Transformed South Africa aim for semis
Transformed South Africa aim for semis as they lock horns against underdogs New Zealand in a World Cup quarterfinal.
Like the ghost of World Cups past, New Zealand have visited South Africa's campaigns in every tournament since 1992. Each time they have been clear underdogs against a team with a fabled dedication to clinical professionalism, but more often than not they reminded the South African scrooges of the frailty of a rigid formula. The timbre of those reminders has rung with increasing insistence, and when their paths crossed in 2003 and 2007, New Zealand were clear winners.
The lesson has been learned, and this time South Africa's progress has been notable for its break from the formulaic approaches of the past. In Imran Tahir they've found the final component in a team of near-perfect balance, and have shown a refreshing willingness to adapt as opposition or conditions demand. They have two of the best fast bowlers in the world, but both Robin Peterson and Johan Botha have opened the bowling at different stages.
But while South Africa's approach may have changed, there is a familiar look to their results from the group stages. West Indies, Netherlands and Bangladesh were dispatched with consummate ease. The loss to England may have raised old fears about the 'C' word, but that defeat never threatened South Africa's march to the second round and they immediately shrugged off the 'chokers' tag (a phrase that seems to be focussed on more obsessively in the media than it is by anyone in South Africa's camp) with a thrilling, last-over win against India.
How could New Zealand, who floundered against Australia and Sri Lanka and made the quarter-finals thanks mainly to a meltdown that only Pakistan could have delivered, possibly hope to derail the mighty South Africans? Outgunned with both bat and ball, and struggling with injuries, they will have to resort to the sort of scrapping, street-wise cricket for which their previous World Cup campaigns have been renowned. A transformed South Africa are determined to correct the mistakes of the past, but the return of Daniel Vettori will inspire New Zealand and this match could well be won by whichever team is better able to maintain temperament and composure.
(completed matches, most recent first)
Imran Tahir may not be South Africa's leading wicket-taker in the tournament so far - that title belongs, surprisingly, to Robin Peterson - but his inclusion is symbolic of South Africa's new approach to limited-overs cricket. He's also their first attacking wrist spinner in a cricketing generation, and should find conditions in Mirpur to his liking. If New Zealand's top order can survive the early onslaught from Dale Steyn and Morne Morkel, Graeme Smith will turn to Tahir, confident in his ability to pick up cheap wickets with a variety of legspinners, sliders and wrong 'uns.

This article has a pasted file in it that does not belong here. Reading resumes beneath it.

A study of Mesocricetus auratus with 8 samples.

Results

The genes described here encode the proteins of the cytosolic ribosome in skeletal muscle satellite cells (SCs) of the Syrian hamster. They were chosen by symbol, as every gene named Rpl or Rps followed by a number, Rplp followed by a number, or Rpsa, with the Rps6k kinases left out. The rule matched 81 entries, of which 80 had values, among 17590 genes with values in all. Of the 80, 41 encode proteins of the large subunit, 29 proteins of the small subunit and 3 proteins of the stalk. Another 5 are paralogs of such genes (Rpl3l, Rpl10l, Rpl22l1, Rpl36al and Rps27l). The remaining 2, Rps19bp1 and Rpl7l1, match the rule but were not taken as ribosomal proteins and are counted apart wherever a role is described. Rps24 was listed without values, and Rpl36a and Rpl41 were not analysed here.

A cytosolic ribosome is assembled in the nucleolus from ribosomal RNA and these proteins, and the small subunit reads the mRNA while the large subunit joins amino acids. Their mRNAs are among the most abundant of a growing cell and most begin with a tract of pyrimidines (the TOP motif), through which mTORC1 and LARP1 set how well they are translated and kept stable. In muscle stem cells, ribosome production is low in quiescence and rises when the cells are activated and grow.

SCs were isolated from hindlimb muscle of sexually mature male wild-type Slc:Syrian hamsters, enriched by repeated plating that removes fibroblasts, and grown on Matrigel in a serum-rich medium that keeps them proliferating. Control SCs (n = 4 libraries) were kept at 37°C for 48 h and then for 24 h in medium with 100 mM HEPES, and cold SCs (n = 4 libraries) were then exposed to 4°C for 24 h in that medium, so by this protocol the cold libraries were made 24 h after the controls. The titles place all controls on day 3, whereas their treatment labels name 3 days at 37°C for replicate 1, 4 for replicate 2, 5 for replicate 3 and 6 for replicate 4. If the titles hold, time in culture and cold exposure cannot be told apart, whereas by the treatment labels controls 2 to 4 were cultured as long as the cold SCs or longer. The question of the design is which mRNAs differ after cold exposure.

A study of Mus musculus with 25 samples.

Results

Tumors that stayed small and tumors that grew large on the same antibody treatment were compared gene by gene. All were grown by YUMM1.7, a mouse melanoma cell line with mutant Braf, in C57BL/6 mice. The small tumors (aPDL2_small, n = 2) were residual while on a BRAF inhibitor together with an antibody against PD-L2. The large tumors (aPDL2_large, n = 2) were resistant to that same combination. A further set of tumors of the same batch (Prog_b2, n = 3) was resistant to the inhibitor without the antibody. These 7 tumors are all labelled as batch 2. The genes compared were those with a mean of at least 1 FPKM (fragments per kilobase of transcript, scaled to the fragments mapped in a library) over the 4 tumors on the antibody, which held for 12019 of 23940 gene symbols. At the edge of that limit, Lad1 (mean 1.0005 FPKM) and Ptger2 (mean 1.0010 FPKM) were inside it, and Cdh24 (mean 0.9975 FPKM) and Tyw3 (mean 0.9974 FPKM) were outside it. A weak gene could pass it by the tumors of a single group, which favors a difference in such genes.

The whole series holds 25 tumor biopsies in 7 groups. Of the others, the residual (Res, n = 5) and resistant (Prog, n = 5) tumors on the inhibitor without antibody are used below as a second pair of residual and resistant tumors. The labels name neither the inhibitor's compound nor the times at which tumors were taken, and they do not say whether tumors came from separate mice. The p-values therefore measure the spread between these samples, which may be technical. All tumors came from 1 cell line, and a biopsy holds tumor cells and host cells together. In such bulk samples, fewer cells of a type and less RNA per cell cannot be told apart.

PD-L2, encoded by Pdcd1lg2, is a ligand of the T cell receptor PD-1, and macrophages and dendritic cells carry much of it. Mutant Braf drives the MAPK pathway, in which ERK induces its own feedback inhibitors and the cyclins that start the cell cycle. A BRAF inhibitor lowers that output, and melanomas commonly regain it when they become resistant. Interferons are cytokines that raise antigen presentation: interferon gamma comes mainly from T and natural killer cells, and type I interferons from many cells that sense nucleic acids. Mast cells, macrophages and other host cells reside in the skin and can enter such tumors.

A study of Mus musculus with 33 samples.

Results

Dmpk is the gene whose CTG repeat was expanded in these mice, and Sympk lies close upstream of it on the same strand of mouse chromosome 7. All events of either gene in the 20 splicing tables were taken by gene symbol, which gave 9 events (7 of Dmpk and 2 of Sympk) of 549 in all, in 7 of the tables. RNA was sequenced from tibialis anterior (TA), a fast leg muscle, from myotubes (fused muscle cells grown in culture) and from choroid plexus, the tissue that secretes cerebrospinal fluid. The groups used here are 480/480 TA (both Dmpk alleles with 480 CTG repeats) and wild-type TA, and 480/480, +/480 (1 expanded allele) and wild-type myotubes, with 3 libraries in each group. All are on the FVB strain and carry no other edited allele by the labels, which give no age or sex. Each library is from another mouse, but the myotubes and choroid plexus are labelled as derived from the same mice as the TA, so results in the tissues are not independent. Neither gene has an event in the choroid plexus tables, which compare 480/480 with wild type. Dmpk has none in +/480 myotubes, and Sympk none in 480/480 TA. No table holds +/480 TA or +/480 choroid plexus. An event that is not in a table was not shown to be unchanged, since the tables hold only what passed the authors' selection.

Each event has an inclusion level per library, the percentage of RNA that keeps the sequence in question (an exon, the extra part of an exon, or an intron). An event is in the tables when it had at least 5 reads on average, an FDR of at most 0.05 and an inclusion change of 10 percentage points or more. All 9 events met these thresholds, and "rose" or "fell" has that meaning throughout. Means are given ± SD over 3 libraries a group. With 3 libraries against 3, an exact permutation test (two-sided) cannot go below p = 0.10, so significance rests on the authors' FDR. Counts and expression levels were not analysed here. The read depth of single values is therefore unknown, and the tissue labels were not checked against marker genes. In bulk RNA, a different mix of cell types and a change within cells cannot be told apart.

New Zealand have a couple of limited-overs stars in their ranks, such as Brendon McCullum and Jesse Ryder, but their strength as a team is their potential to gel and become more than the sum of their parts. Their captain, Daniel Vettori, is the vital ingredient in that formula. Whether with bat, ball or in the field, Vettori seems to inspire by his very presence and as a seasoned cricketer he won't be intimidated by South Africa. There have been hints that Vettori could give up ODIs after this tournament, giving him an added incentive to go out on a high.
South Africa gave away nothing in terms of likely selections or injury troubles in the lead-up to the game, and there's been no word on whether or not AB de Villiers has recovered from injury. Given the importance of the match, it's likely he will play even if not fully fit, and perhaps not be asked to keep wicket. That means wicketkeeper Morne van Wyk will keep his place in the XI, possibly at Faf du Plessis's expense. With Dale Steyn and Morne Morkel slotting back in in place of Lonwabo Tsotsobe and Wayne Parnell, South Africa will probably fill the remaining slots with their three spinners.
South Africa (probable): 1 Graeme Smith (capt), 2 Hashim Amla, 3 Jacques Kallis, 4 AB de Villiers, 5 JP Duminy, 6 Morne van Wyk (wk), 7 Johan Botha, 8 Robin Peterson, 9 Dale Steyn, 10 Morne Morkel, 11 Imran Tahir
Brendon McCullum has apparently recovered from a painful knee, and Vettori is also set to return. New Zealand have been affected by several injuries in this tournament, with Kyle Mills suffering a quad strain and Hamish Bennett's tournament ended by an injury to his ankle and Achilles tendon. Daryl Tuffey has been called up as cover, but if Mills is fit he'll be the first choice to partner Tim Southee with the new ball.
New Zealand (probable): 1 Brendon McCullum (wk), 2 Martin Guptill, 3 Jesse Ryder, 4 Ross Taylor, 5 Kane Williamson, 6 Scott Styris, 7 Jacob Oram, 8 Nathan McCullum, 9 Daniel Vettori (capt), 10 Tim Southee, 11 Kyle Mills.
Pitch and conditions
Both teams will know just what to expect from the Mirpur wicket, and although Graeme Smith said that he was surprised by the amount of grass on the track, it should still play on the slow, low side and aid spinners. Hot and humid weather is expected, and so dew could come into play if evening is cloudless, although its impact should be minimal.
Stats and trivia
* South Africa and New Zealand have met 51 times in ODIs, with South Africa winning 30 to New Zealand's 17. Four of their matches have ended with no result. In World Cups, however, New Zealand have won three of the five matches the teams have played, and prevailed in both 2003 and 2007.
* Jacques Kallis has more runs against New Zealand in ODIs than any other South African, having scored 1385 at 41.96, including three hundreds and nine fifties in 42 matches.
* Tim Southee is New Zealand's leading wicket-taker in the tournament, with 14 scalps at 15.07. Ross Taylor leads their run-scoring table, with 245 at an average of 81.66 and a strike rate of exactly a-run-a-ball.